Titanic. The Marilyn Monroe of ocean liners. A sleek, sultry beauty, taken out way before her time.
A kind of 21st century Flying Dutchman, with interiors by Cesar Ritz, still striving to achieve the waters of a port she can never reach. Fuelled by a subtle mixture of horror, fascination and sheer, fatal glamour, she surges heedlessly across the still, starlit calm of our collective subconscious, hell bent on achieving her chilling, near midnight rendezvous with her killer. Titanic is a brilliantly lit stage, carrying her cast of exotic, terminally endangered extras toward an abyss at once both unfathomable and inconceivable.
Here's where any similarity with any other tome about the Titanic ends. For the first time ever, a succession of key characters and groups of individuals come to the fore. Centre stage, over seventeen chapters, we meet the men whose decisions, actions and omissions combined like some slow burning powder trail to trigger a final, cataclysmic conclusion; the foundering, in mid Atlantic, of the biggest moving object ever seen on the face of the planet.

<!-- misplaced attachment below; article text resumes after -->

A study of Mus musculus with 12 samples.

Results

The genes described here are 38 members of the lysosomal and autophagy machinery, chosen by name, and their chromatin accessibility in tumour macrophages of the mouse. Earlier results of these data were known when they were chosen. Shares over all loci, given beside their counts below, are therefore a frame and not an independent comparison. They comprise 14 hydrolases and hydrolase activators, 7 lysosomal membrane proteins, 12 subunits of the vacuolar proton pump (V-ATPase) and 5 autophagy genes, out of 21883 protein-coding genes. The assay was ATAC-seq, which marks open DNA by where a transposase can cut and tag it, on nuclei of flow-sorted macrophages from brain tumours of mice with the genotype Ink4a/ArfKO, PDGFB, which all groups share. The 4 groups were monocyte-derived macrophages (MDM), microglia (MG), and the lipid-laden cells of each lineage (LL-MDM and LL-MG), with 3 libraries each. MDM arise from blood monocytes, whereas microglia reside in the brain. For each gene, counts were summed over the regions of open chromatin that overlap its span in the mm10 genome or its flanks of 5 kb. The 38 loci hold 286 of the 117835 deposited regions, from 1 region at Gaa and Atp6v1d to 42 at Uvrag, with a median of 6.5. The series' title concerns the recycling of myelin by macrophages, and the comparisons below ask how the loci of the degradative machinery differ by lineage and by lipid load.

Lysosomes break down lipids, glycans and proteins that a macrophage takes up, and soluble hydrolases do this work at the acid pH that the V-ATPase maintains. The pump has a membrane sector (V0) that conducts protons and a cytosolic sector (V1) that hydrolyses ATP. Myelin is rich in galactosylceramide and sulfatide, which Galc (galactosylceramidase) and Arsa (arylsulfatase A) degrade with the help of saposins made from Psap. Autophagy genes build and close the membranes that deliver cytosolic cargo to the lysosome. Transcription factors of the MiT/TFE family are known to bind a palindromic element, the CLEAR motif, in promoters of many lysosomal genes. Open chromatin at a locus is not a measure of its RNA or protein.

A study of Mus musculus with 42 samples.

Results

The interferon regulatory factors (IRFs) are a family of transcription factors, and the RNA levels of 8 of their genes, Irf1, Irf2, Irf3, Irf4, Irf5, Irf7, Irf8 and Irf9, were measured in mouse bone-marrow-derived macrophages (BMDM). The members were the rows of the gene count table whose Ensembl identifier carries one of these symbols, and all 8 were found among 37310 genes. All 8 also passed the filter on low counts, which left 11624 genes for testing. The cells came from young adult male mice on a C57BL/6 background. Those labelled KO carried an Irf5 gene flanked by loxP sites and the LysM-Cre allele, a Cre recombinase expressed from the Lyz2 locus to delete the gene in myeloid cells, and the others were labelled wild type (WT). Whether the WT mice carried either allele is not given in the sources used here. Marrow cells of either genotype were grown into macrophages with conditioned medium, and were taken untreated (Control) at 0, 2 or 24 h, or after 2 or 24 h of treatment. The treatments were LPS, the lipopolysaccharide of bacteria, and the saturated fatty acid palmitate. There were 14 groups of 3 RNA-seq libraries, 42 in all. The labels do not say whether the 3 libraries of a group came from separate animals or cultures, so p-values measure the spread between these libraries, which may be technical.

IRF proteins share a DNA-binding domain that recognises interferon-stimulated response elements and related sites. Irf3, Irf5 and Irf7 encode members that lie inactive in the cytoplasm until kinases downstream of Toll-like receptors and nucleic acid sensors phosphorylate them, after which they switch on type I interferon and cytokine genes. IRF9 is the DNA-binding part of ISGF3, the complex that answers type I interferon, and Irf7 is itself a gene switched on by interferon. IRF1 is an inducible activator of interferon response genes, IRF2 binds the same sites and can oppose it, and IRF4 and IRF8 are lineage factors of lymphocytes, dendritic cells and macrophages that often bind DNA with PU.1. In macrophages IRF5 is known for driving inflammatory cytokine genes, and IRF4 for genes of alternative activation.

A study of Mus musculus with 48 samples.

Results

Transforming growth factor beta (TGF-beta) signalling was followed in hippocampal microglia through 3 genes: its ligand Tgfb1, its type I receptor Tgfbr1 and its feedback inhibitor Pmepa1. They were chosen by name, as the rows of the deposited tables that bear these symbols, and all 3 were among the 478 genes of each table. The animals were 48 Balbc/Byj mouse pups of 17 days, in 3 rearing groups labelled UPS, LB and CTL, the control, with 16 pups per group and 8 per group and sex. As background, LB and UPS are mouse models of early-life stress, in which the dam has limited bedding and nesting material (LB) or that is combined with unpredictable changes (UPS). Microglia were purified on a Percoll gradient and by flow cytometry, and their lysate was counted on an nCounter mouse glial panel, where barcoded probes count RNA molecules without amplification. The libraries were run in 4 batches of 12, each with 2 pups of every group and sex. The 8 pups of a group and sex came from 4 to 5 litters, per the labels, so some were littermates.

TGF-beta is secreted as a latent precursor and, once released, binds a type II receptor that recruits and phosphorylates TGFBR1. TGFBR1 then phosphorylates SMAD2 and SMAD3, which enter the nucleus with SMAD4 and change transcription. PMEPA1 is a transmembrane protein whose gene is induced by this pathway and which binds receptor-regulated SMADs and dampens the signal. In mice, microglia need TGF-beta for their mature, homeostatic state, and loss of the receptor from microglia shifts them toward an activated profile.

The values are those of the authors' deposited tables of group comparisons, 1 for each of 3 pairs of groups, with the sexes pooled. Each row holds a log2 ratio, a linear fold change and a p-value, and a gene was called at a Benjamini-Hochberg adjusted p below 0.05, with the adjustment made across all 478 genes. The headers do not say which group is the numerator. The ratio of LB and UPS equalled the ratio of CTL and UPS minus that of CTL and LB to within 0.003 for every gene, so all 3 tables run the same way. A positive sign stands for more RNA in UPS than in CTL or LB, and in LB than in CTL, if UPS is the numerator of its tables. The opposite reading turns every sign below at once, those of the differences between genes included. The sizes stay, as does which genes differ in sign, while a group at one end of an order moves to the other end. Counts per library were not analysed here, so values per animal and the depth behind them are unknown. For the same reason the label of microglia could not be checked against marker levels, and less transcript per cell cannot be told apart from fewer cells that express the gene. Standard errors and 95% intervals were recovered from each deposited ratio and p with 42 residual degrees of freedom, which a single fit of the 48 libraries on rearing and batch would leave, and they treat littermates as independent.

One by one, a series of individuals take a bow. Seemingly omnipotent owners and hugely experienced ship's officers. Engineers and designers.
Would be rescuers and embattled wireless operators. We meet them as individuals, not supermen. Their histories, backgrounds and life experiences are assessed for the first time ever, putting their actions on the night that Titanic sank into a context, a light as stark as that of the distress rockets, arcing into the sky.